By Annie Maroon/DFP Staff
The Boston University men’s hockey team lost its second straight game Saturday to the University of Massachusetts-Lowell, 4-3, the Terriers’ fourth loss in six games. Although the team’s play was tighter than the night before against Northeastern University, there were still a number of problems that kept them from catching up with the surging River Hawks.
Here’s a look at what went right and what went wrong for BU.
Captain continues to battle
In the waning minutes of Saturday’s game, as the Terriers killed a five-minute major penalty, senior captain Wade Megan stood out.
Earlier in the period, Megan had converted a well-placed pass from sophomore center Cason Hohmann to bring the Terriers within a goal of the River Hawks. Then, during the penalty kill, he and Hohmann maintained pressure on UML and kept the puck in the offensive zone for much of the kill. They couldn’t score, but they didn’t let the River Hawks walk away without a fight.
With junior assistant captain Garrett Noonan ejected for a spearing penalty and senior assistant captain Ryan Ruikka a healthy scratch, Megan was the only BU player left on the ice with a letter on his jersey. His one-goal, four-shot effort was one of the few clear positives for a team that looked out of control and distracted at times this weekend.
“A few guys really showed a lot of character with how hard they played tonight,” BU coach Jack Parker said. “Certainly, one of them is the captain.”
Despite overall issues, offense intact
Since Christmas break, BU’s defense has been inconsistent enough that its offense hasn’t been a focal point. But the Terriers did score three times against UML on 32 shots, and since their 6-0 loss to the University of Denver on Dec. 29, they have 20 goals in five games.
Parker said Friday that he wasn’t likely to rave about the offense when the defense was essentially losing BU games. It was at least somewhat encouraging, though, to see sophomore wing Evan Rodrigues pick up his third goal of the weekend on Saturday with a clean wrister in the third, and to see Danny O’Regan get back to his playmaking game with two assists and a goal on Friday.
On a positive note for senior forward Jake Moscatel, Parker said he’ll stay in the lineup next Friday against Providence College. Parker said he didn’t know yet whether freshman Wes Myron would remain on the bench or rotate in for someone else, but that Moscatel would definitely play Friday.
Saturday was the second start of Moscatel’s collegiate career. He didn’t record a shot but fit into the fourth line on center Ryan Santana’s wing.
“I thought Jake Moscatel gave us some minutes when he got out there,” Parker said. “I was happy for him. He banged some guys, got the puck out of the zone and made some plays. He wasn’t worried.”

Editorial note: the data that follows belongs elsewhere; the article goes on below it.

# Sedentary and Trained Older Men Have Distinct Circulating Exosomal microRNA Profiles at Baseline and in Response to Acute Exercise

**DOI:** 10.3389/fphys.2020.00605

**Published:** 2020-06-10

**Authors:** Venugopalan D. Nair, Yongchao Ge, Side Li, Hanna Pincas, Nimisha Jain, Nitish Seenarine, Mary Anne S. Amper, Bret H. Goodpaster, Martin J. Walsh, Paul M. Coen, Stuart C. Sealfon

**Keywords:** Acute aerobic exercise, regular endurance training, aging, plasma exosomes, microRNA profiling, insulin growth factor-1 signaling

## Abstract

Repeat offenders in the box
Noonan and sophomore defenseman Alexx Privitera have been taking turns as the team leader in penalty minutes for most of the year. Noonan moved into the lead on Saturday with 62 minutes on the year, but both led the parade of Terrier defensemen to the box that hurt the team in that game.
Privitera took two stick penalties, a cross-check and a trip, in the second period. While he was in the box for the latter, Noonan and UML captain Riley Wetmore received matching penalties for slashing, and then senior defenseman Sean Escobedo went off for a high-stick. With three BU defensemen in the box, UML scored a 5-on-3 goal to take the lead.
Although it didn’t directly lead to a River Hawk goal, Noonan’s spearing penalty at the end of the third was even worse: as he skated towards UML goalie Doug Carr in search of a rebound that didn’t come, he jabbed Carr and knocked him to the ice when the puck was nowhere nearby. He received a five-minute major and a game disqualification.
“I just told my team, I can’t explain to them how disappointed I am that we could revert back to being selfish and stupid with those type of penalties,” Parker said.
Defensive lapses continue
While they weren’t always as glaring as the ones on Friday, the Terriers still made a number of defensive mistakes. Some cost them on the scoresheet, while others only seemed to rattle them, but all were part of a continuing pattern of issues.
The River Hawks’ third goal, early in the third period, came immediately after a defensive-zone turnover by BU. And their fourth, the eventual winner, was a shorthanded 2-on-1 where freshman defenseman Matt Grzelcyk defended the pass and UML forward Adam Chapie had ample time to snap a wrist shot over O’Connor.
The problem wasn’t so much Grzelcyk’s decision to let O’Connor take the shooter (although he could have put a bit more pressure on Chapie) as it was the fact that, despite the man advantage, nobody else was back there with Grzelcyk.
O’Connor better, but not enough
Although Parker said freshman goalie Matt O’Connor “took a stride back to where we want him to be” on Saturday, and O’Connor certainly has been the victim of bad defensive plays, he wasn’t at his best against UML either.
O’Connor stopped 28 shots but appeared to struggle with the high ones, going down early and making it harder for himself to be in position. The recent problems of the defensemen in front of him cannot be overstated, but with that in mind, O’Connor still has allowed 15 goals in his last three starts.